Using Database Views in Django ORM


Sometimes using database views rather than database tables can be very helpful for querying aggregated data. Typically in the Django ORM, a database table is tied to a Django ORM model, but we found it is also possible to tie a database view with a Django ORM model. By doing so, you can hide the data aggregation logic on the database level (in view creating SQL). And most of the ORM features, like double underscore foreign key lookup, still work for the model tied to a database view. In this blogpost, I’ll walk you through a simple example to illustrate how.

The regular models

Our example uses the following regular models. Each model has a database table tied to it.

The Charge model is used to store the charges. It has a foreignkey to the user model and an optional foreignkey to the job model. Not every Charge record can be associated to a job.

The database view

The database view is created by following the SQL and it can be injected into a customized data migration with the raw SQL execution command.

This view sums up all the hardware charges and software charges for the Charge records with the same job, user, and month. It contains the following columns:

The next step is to create a Django model which maps to this view so we can use Django ORM to retrieve the data from the view.

The model for the view

We created the model below to map the database view.

Although the model above looks very similar to a regular Django model, there are three differences worth noticing.

  1. For the foreignkey fields, we need to specify an extra kwarg: on_delete=models.DO_NOTHING. Although normally we won’t try to call delete() on the ChargeSummary model because of the view at behind is not writable, without specifying this kwarg would lead to some test cases failure. The might be related to the auto cleaning mechanism for the test database after test cases running.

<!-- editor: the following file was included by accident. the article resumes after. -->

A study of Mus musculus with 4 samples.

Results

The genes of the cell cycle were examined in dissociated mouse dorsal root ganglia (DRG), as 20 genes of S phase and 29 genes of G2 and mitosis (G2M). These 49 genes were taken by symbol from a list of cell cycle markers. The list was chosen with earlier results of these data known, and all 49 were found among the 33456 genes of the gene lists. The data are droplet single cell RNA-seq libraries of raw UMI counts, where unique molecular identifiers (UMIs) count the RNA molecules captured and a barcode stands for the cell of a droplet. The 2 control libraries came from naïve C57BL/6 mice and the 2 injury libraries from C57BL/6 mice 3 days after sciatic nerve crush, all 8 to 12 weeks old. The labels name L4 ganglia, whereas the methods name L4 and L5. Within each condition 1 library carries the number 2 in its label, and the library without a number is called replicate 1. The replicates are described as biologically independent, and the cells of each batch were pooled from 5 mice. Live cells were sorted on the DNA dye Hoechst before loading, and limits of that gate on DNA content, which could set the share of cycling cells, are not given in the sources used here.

2. managed = False needs to be specified in class Meta so that the south or Django database auto migration will ignore that model and won’t try to create a database schema migration for it.
  3. db_table = ‘name_of_the_view’needs to be specified in class Meta to let the Django ORM know which database entity to retrieve the data from.

Query with the new model

With the new model being set up, you can use the regular ORM query methods with no difference compared with the regular Django model.

Get all ChargeSummary objects:

Get all ChargeSummary objects for May 2015:

Get all ChargeSummary objects with a certain job name:

Get all ChargeSummary objects with a specific user email address (suppose you have a 1-to-1 userprofile model associate with the user model):

Of course certain methods like save() or delete() will presumably fail since DML SQLs are not applicable to database views by nature.

Last but not least

If you are upgrading your app to Django 1.7 or later from an earlier version, you need to run

to generate and then run the command below to upgrade your database.

Unfortunately, this would fail if you have the database view and the unmanaged ChargeSummary model. The reason is when Django runs the migrations with the fake initial flag, it verifies that the tables do exist in the database for all the models in CreateModel operations in the migration. CreateModel operations are created for every model, even those with managed=False. So for ChargeSummary model, it will fail since it can’t find the actual table. Fortunately, we can work around this issue by adding the view create sql into, and then run the migrations with the fake initial flag.

Happy modeling and coding with Django ORM.

This article was written by Irwen Song.